Supporters of Michigan's new Right-to-Work law say they were attacked on the Capitol grounds Tuesday by union members.   Now they want a formal investigation.

During Tuesday’s anti-Right to Work demonstration on the state capitol grounds, union members tore down a tent set up by the legislation’s supporters.    About a dozen members of Americans for Prosperity were caught in the tent as it collapsed.   They claim they were punched and kicked and had property stolen and destroyed. 

Scott Hagerstrom is with AFP.   He says his group's first amendment rights were trampled on along with their tent.

“Any reasonable person that has turned on the news in the past few days can see that property was destroyed…people were assaulted,” Hagerstrom said during a news conference today on the spot on the state capitol grounds where their tent had previously stood.

Hagerstrom has filed paperwork with the state police asking for a formal investigation.   The department had not begun an investigation of the incident because no complaint had been filed.    

A state police spokesman says the investigation will use whatever resources are available and could take several months.  He says identifying individuals may be difficult, though if any of those individuals gave interviews to the news media that might be helpful identifying suspects.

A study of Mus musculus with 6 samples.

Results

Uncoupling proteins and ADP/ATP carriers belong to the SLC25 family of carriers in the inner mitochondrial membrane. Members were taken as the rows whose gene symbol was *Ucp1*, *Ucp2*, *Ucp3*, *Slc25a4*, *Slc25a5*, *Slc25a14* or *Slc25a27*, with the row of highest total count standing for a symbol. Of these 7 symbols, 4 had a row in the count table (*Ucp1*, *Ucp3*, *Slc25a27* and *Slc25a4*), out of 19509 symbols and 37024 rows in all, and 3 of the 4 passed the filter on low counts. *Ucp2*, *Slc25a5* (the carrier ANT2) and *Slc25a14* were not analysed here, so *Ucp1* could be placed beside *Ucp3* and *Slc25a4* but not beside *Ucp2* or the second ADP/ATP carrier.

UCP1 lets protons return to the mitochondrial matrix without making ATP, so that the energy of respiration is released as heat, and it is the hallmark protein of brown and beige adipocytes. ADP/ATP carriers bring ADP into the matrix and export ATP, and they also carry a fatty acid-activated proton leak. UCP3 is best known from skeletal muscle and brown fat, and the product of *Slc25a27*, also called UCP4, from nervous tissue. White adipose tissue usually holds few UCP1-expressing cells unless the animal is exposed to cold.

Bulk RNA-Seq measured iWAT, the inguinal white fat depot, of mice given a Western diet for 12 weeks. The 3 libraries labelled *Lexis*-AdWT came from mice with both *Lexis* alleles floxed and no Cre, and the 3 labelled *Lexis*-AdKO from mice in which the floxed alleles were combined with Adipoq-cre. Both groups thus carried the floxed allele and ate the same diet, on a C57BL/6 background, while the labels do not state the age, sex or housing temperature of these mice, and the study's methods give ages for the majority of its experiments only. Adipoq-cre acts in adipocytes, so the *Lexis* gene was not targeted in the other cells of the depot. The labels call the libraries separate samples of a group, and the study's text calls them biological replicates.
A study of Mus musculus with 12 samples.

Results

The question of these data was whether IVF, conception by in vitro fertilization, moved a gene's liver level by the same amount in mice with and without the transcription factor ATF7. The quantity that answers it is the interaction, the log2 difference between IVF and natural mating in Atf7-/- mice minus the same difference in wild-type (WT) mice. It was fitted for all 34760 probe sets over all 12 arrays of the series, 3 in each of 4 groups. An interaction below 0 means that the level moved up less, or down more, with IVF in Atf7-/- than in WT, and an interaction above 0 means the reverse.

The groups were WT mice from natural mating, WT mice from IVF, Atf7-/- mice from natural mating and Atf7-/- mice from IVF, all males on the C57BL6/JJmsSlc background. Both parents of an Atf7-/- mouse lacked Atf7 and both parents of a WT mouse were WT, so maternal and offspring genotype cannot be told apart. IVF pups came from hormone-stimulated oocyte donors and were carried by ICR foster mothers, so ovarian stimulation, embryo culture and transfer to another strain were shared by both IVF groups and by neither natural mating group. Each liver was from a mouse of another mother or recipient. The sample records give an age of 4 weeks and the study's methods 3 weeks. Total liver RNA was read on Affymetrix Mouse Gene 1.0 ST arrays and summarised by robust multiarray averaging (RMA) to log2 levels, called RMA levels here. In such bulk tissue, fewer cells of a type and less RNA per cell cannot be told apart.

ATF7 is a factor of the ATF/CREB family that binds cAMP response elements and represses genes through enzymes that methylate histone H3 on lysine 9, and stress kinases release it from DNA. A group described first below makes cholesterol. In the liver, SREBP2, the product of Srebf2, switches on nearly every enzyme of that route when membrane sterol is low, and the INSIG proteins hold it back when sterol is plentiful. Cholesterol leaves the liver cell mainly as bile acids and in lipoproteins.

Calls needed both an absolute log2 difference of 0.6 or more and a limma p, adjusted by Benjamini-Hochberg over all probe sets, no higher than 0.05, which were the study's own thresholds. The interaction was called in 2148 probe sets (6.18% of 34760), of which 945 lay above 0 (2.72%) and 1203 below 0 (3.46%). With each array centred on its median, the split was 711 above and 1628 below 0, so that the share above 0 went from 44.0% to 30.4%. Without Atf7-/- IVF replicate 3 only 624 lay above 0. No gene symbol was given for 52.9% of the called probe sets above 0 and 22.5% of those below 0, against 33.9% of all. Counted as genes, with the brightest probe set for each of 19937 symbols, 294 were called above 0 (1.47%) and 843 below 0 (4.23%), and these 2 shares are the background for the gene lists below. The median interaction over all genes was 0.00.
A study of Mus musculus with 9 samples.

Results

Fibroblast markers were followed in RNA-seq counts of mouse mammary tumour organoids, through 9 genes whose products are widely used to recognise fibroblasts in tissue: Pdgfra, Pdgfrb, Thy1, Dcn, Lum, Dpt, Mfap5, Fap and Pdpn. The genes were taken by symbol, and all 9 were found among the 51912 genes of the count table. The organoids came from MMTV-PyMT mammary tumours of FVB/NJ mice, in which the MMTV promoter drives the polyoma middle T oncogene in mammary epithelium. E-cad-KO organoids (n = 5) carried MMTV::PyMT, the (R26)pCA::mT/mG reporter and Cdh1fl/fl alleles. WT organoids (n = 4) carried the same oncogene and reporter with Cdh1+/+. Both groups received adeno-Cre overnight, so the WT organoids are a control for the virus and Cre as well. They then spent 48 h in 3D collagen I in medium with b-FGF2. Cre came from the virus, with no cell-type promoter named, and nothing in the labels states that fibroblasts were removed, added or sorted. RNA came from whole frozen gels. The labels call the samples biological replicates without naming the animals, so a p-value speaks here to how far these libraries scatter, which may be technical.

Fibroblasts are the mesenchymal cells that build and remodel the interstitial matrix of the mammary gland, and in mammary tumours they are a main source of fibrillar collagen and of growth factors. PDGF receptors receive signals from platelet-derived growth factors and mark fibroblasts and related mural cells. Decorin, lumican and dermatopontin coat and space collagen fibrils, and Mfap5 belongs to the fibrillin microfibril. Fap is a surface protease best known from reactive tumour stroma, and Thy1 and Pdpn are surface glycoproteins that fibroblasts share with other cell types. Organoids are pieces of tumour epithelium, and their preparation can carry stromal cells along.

Several of the people who were in the tent, and claim to have been assaulted or their property stolen or destroyed,  say they may also file complaints with the Michigan State Police.

The group is also considering filing a complaint with the federal Justice Department.

AFP’s Scott Hagerstrom is also critical of Lansing Mayor Virg Bernero, who praised the union protesters shortly after the tent incident.   Bernero was part of a group of pro-union speakers who addressed the crowd after the state House approved the Right to Work legislation.     The mayor called the large turnout of union supporters a “beautiful” sight.  

Bernero’s office issued a statement today saying the mayor “Abhors violence in any form.”    The statement went on to say the mayor “has directed the Lansing Police Department to cooperate fully with the Michigan State Police in their investigation of any acts of violence that occurred at the protest.”

Steve Carmody has been a reporter for Michigan Public since 2005. Steve previously worked at public radio and television stations in Florida, Oklahoma and Kentucky, and also has extensive experience in commercial broadcasting.